Seeing `wink to wink' on deficit. Washington plays down large budget shortfall estimates
``This is the year of the Big Wink,'' said Rep. Dan Rostenkowski earlier this year regarding the prospects of reducing the United States budget deficit. The White House announced yesterday the budget deficit is currently estimated to be only $145.3 billion for fiscal year 1989.
Hovering just $700 million below the $146 billion limit specified under the revised Gramm-Rudman target, this estimate, based on an optimistic view of the economy will save both Congress and the White House from the embarrassing position of having to cut spending prior to the November elections.
``I'm not sleeping too well,'' says James C. Miller III, director of the Office of Management and Budget (OMB) referring to a host of spending bills that are pending in Congress. Mr. Miller warns that there is no room for new spending unless cuts are made to make up the difference.
Outside budget experts maintain there are several ways the deficit can swell.
Drought aid. According to the OMB, drought relief is expected to cost $3.9 billion. But only last week, the Congressional Budget Office gave a different number, estimating the federal aid to farmers would cost $4.5 billion.
Bailing out thrifts. No one is sure yet how much it will actually cost to rescue ailing savings institutions, says Stan Collender, a budget analyst at Price Waterhouse, an accounting firm. But OMB is estimating it will cost $4.2 billion in FY 1989, and a total of $13.3 billion for FY 1988 and '89 combined.
Overspending at the Pentagon. This year the Department of Defense will overspend its budget by about $6 billion. According to some estimates, it will be $4 billion to $5 billion over budget in FY 1989 as well.
Pending appropriations bills. Ten of 11 spending bills have yet to pass Congress. Although most of these will not impact the budget either positively or negatively (in budgetese, they are called ``revenue neutral''), congressmen still have some opportunities to prove to their constitutents how much they really care for them.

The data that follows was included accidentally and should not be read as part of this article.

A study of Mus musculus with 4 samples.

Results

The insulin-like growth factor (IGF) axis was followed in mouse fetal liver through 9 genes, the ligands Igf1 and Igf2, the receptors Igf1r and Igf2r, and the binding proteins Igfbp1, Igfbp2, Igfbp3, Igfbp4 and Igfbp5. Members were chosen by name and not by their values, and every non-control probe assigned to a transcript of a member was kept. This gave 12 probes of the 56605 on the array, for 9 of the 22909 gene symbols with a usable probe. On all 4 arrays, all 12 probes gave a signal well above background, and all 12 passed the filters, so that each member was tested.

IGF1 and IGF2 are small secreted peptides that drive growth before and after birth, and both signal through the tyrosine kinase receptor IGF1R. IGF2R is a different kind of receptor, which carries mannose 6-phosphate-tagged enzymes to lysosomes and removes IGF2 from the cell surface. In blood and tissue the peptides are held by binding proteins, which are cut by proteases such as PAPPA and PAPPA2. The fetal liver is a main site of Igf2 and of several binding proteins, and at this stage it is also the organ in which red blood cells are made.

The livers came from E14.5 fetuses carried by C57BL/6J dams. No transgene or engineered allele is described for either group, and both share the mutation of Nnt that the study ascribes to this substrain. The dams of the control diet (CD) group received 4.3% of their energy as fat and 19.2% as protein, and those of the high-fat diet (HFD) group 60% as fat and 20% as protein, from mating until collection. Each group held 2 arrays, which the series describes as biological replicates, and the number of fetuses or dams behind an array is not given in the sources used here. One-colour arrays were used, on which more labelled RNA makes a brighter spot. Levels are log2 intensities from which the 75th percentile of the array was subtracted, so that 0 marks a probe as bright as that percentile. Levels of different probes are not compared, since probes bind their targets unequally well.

According to Miller, one of the largest potential for spending increases is a pending drug enforcement bill that will cost 1.3 billion.
In addition, the Reagan administration has not included in its estimates a loss of $100 million in customs revenues from the elimination of tariffs under the Canadian Free Trade Agreement. This is because the legislation has yet to pass Congress.
Economic assumptions. So far, the administration has been on target - possibly even a little too pessimistic about the economy. This means that revenues are running higher as more people pay taxes and fewer collect unemployment.
Yesterday, the administration got another boost when it revised its estimate of the second-quarter gross national product upward to 3.5 percent. This will help since every decline of one percentage point in the unemployment rate reduces the budget deficit by $30 billion.
Only last week, the Congressional Budget Office released its own estimate of the budget deficit, figuring it at $153 billion. According to the CBO estimates, the economy will grow at only 3.1 percent.
Because of these differences, outside experts are skeptical that the actual deficit will come in below the required $146 billion. ``None of the surprises in the budget are ever nice ones,'' says Carol Cox of the Citizens for a Responsible Budget.
Mrs. Cox says the budget deficit will more likely run about $150 billion for FY 1989. Mr. Collender is even more pessimistic, expecting the deficit could reach $160 billion.
All of these outside estimates, however, are politically unimportant. According to the Gramm-Rudman law, Congress must reduce the budget deficit to $136 billion for FY '89. It also has a $10 billion cushion, meaning it can actually have a deficit of $146 billion. If it does not meet this target, spending cuts will automatically take place.
The next critical date for the budget is Oct. 15 when OMB again estimates current spending levels.
Even though the administration and Congress have buried the hatchet over the budget, the camp of presidential candidate Michael Dukakis used the numbers to attack the administration. ``The deficit is tens of tens of billions of dollars too high,'' said Rob Shapiro, deputy issues coordinator for the Dukakis campaign.
Hillary Chura contributed to this report.